Mourning Together

John and Kath from UK

“Blessed are those who mourn …” (Matthew 5:4)

This is one of the opening lines of a sermon even people who have never been to church are familiar with. Its power has to do with its universal appeal – who hasn’t mourned? But perhaps we can add a word to that line before continuing with the for they will be comforted part. What if we add the word “together“.

When a couple from England came looking for a place to pray a week ago, they wanted to be in spiritual solidarity with family and friends who were gathering to honor, mourn for and remember an elderly aunt who had died. The funeral was taking place in the middle of their scheduled trip to the United States; but they wanted to attend at least “in spirit”. We willingly opened our sanctuary for them on the appointed day; but we did more than that. We invited people to “come mourn together” with this unknown couple and their far-away relative. And people came (pictured above).

Perhaps you read the article about the British couple who decided to visit the Jane Austen Museum and while there they happened upon a funeral. Passing an attractive little church, they decided to stop in. There were trees and flowers and an interesting graveyard outside, all beckoning to them to step through the door. Inside there were flowers and stained glass and a few people milling around. They were looking around intently and never saw the coffin at the front of the church when it began to occur to them that it looked like a service of some sort was about to begin. They are atheists, but decided to stay for the service. They intended to position themselves so as to be able to leave inconspicuously. The church pews began to fill up and they found themselves stuck in the middle. They had stumbled upon a funeral for Colin. Suddenly they were “Accidental Mourners“.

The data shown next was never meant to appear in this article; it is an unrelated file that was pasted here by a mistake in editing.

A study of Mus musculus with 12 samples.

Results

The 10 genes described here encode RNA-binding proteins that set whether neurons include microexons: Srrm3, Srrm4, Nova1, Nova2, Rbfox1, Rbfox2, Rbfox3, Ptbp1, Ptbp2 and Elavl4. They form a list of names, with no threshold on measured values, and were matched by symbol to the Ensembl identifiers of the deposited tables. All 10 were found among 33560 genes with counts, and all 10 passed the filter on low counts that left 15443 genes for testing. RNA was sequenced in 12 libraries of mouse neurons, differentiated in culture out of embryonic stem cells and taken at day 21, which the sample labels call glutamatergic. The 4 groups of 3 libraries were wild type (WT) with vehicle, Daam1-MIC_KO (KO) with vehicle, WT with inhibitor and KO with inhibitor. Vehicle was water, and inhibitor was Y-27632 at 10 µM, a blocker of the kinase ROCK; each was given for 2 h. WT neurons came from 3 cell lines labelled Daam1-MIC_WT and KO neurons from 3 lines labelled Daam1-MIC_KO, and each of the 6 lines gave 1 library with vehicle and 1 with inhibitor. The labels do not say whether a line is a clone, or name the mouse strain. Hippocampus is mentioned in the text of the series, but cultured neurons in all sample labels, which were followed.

The line that caught my attention in the article is this: “I heard crying a few rows in front. I began to cry as well. I couldn’t help myself. Tears were rolling down my cheeks. I realized that the act of mourning is communal. I could feel the sadness all around me, and was engulfed by it, as if I had been plugged into it just by being there.

When I read or hear the news there is always plenty to be sad about. Indeed, isn’t it true that there is sadness all around us? Let’s not be afraid to mourn; but let’s mourn together. “Blessed are those who mourn together.” That’s when true comfort comes. And that’s when our mourning has the best chance of being not only comforted, but transformed into hope and joy.

A blessed Tuesday.

Mark Demers

Want to talk about sex, politics, spirituality? So do I. I grew up in a religious home in the 1950’s and 1960’s. Our country was reeling from assassinations and the devastation of the Viet Nam War. Looking for something beautiful, I got a degree in music, married the love of my life and had children. Looking for God, I then went to seminary. Looking for something that might transform the world, I became a local church pastor. Now, I’m always looking for people who want to talk about important things. I cherish conversations with emerging leaders, people who are antsy to try an idea they believe would change the world for the better. I’d would love to hear from you.